The SMSF Association has called on the federal government to tweak the existing policy aimed at preventing elder abuse instead of completely overhauling it.
The industry body’s stance comes in response to the Australian Law Reform Commission’s request for comments in regard to the policy recommendations made in its elder abuse discussion paper.
“We are not convinced that additional and stronger legislation will result in increased protections against elder financial abuse,” SMSF Association head of policy Jordan George said.
“Rather, we suggest that education for trustees and advisers on planning for the loss of capacity is the first step to reducing the risk of elder abuse occurring in the SMSF sector.”
George said the association preferred addressing the problem of elder abuse through education as a step-by-step legislative prescriptive approach would be unnecessary and exhaustive with no certainty of having the issues raised in the paper resolved.
However, he pointed out the professional body believed SMSF trustees and their advisers should give the issue more careful consideration and preparation to manage it.
As such, he said the association is in favour of amending the Superannuation Industry (Supervision) (SIS) Regulations to direct trustees to deal with the matter.
“Accordingly, the association proposes that the SIS Regulation 4.09 is amended to include that the trustees of the fund should formulate and review regularly the consideration and planning of the loss of capacity and SMSF exit strategy as part of their investment strategy,” he said.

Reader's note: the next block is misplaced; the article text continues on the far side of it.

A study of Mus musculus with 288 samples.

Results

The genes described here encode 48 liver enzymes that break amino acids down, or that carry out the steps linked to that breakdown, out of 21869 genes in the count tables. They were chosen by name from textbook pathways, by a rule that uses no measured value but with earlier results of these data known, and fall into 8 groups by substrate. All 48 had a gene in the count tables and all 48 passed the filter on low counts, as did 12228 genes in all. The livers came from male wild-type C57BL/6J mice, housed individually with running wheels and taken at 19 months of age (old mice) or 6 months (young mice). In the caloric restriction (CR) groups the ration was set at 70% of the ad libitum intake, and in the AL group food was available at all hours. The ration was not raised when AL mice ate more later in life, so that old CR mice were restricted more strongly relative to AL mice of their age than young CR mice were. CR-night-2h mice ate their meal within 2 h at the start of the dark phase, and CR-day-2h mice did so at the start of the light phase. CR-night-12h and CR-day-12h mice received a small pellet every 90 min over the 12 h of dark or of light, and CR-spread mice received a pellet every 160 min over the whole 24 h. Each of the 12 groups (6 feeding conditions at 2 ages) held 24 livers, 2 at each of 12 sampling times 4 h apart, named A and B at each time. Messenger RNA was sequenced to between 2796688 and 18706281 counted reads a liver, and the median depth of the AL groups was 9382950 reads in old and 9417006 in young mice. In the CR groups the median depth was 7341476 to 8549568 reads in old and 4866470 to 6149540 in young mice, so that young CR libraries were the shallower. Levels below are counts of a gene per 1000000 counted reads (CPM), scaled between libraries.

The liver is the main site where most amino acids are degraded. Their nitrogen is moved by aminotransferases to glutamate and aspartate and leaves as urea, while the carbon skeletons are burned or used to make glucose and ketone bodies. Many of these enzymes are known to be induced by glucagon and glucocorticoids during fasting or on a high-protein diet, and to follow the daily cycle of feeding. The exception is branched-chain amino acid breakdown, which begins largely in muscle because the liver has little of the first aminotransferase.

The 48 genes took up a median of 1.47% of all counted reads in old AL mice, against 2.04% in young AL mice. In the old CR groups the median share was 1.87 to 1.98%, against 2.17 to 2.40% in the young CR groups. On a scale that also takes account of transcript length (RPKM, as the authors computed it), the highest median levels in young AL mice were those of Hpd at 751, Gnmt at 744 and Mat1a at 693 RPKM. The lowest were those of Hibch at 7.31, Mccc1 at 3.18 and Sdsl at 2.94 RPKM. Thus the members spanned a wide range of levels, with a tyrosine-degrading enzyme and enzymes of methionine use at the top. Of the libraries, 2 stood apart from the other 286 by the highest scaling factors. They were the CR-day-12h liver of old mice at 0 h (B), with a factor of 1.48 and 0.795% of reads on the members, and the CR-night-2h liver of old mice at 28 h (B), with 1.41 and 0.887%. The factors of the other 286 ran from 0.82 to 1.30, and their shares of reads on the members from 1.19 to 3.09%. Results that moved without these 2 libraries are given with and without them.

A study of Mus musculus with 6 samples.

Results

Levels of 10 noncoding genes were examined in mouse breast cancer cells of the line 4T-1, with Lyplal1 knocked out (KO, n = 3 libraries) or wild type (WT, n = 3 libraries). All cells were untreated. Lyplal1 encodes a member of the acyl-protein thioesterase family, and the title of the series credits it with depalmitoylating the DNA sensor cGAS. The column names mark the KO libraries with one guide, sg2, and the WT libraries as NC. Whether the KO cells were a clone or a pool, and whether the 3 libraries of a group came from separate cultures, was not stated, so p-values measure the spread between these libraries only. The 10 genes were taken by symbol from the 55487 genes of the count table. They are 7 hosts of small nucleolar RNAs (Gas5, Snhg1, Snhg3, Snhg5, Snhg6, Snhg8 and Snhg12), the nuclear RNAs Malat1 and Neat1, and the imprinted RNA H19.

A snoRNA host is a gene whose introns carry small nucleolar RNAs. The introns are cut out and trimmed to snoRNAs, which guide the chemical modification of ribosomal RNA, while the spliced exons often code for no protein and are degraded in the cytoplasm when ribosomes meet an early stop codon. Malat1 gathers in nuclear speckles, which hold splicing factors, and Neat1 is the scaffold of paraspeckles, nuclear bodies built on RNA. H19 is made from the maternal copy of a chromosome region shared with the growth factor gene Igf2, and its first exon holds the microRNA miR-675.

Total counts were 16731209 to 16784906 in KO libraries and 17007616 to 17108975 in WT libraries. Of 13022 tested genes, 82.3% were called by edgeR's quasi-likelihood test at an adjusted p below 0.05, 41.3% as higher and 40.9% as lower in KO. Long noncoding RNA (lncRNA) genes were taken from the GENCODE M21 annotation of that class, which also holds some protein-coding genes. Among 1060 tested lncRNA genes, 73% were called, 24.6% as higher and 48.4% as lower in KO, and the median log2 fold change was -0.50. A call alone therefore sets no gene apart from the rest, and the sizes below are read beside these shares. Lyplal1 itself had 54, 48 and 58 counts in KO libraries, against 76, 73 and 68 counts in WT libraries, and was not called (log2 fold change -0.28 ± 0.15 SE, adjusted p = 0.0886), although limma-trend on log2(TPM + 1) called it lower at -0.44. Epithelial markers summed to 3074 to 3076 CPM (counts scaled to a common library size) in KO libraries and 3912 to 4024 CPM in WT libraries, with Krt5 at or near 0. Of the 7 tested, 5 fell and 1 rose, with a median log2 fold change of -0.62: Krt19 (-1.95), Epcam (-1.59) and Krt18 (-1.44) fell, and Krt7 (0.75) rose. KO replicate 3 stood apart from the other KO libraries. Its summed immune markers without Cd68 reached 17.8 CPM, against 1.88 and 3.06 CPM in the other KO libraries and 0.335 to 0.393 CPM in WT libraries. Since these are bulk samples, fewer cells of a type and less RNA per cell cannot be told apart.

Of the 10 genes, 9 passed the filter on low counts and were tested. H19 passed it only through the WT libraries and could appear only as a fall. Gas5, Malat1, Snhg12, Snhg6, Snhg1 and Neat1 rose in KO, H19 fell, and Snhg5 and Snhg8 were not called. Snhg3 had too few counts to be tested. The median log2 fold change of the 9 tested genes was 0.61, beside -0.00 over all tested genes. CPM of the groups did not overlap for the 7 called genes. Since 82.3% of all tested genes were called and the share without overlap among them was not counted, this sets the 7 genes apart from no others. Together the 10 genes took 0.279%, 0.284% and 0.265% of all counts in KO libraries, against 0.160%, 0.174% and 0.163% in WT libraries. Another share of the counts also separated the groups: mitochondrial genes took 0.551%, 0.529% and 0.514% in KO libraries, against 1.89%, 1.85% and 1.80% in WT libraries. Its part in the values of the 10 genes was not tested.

“Our proposed amendment is similar to the recent addition to the SIS regulation 4.09 (2)(e) that requires trustees to consider whether they hold insurance.
“This has had great success in putting insurance to the front of every trustee’s mind and will have the same effect with estate and succession planning.
“Furthermore, it then becomes a legal requirement that trustees consider estate planning and this becomes part of the audit standards that SMSF auditors must see evidence of when auditing funds each year.”
He nominated the implementation of binding death benefit nominations (BDBN) as another area in need of education and awareness with more focus on the legal aspects of these instruments.
“The association would be supportive of a proposal that refuses an interested party from witnessing a BDBN,” he said.
In addition, he said the association believed an individual appointed under a power of attorney should not be able to put a BDBN in place or renew one unless specifically authorised to do so by that power of attorney.
A similar rule should be applicable to reversionary pensions, he added.